After a weeklong review involving “two meticulous screenings” and deliberations across several departments of government, authorities in the Philippines have decided to allow the summer blockbuster Barbie to be released in the country.
“Rest assured that the Board has exhausted all possible resources to arrive at this decision,” the Movie and Television Review and Classification Board (MTRCB) wrote in a letter on Tuesday, explaining that it “has no basis to ban the film,” though it has asked the movie’s distributor Warner Bros. to blur part of a scene that could be misinterpreted.
Barbie has lately been under intense scrutiny over the appearance of a map that some have alleged depicts the “nine-dash line”—a maritime border rejected by the Permanent Court of Arbitration at The Hague but continuously promoted by China to claim virtually all of the South China Sea.
The screening approval in the Philippines comes a day before the seventh anniversary of The Hague ruling and a week after Vietnam announced that it would ban the release of Barbie over its display of the controversial map—which also sparked U.S. lawmakers to criticize filmmakers for promoting Chinese propaganda.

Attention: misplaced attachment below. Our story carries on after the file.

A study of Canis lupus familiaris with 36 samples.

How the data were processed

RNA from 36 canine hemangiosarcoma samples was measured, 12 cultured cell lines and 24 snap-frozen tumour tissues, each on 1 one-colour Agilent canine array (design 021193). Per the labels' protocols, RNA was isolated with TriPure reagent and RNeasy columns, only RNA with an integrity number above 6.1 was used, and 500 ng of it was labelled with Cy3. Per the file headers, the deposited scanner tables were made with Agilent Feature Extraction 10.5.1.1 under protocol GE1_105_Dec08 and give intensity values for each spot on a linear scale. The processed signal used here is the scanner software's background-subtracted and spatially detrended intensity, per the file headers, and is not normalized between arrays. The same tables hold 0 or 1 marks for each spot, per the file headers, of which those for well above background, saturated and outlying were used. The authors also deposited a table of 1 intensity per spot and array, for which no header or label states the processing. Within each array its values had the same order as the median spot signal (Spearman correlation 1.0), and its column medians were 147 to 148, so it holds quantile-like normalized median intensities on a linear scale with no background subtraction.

Warner Bros. issued a statement last week describing the map in question as a “child-like crayon drawing” that was “not intended to make any type of statement.”
The MTRCB said in its letter—which was addressed to Francis Tolentino, a Philippine senator and vocal proponent of a Barbie ban—that there was “no clear nor outright depiction” of the nine-dash line, unlike in other films that have been previously banned. It also stated that the map marking in the film was not U-shaped and had only eight dashes.
”Regardless of whether they think this is an eight-, seven-, or nine-dash line,” Tolentino, who said he disagrees with but ultimately respects the MTRCB decision, told local media outlets in a video statement, “what we see here is China’s continued claims of Philippine waters.”
Barbie is set to be released in the Philippines on July 19 and in the United States on July 21.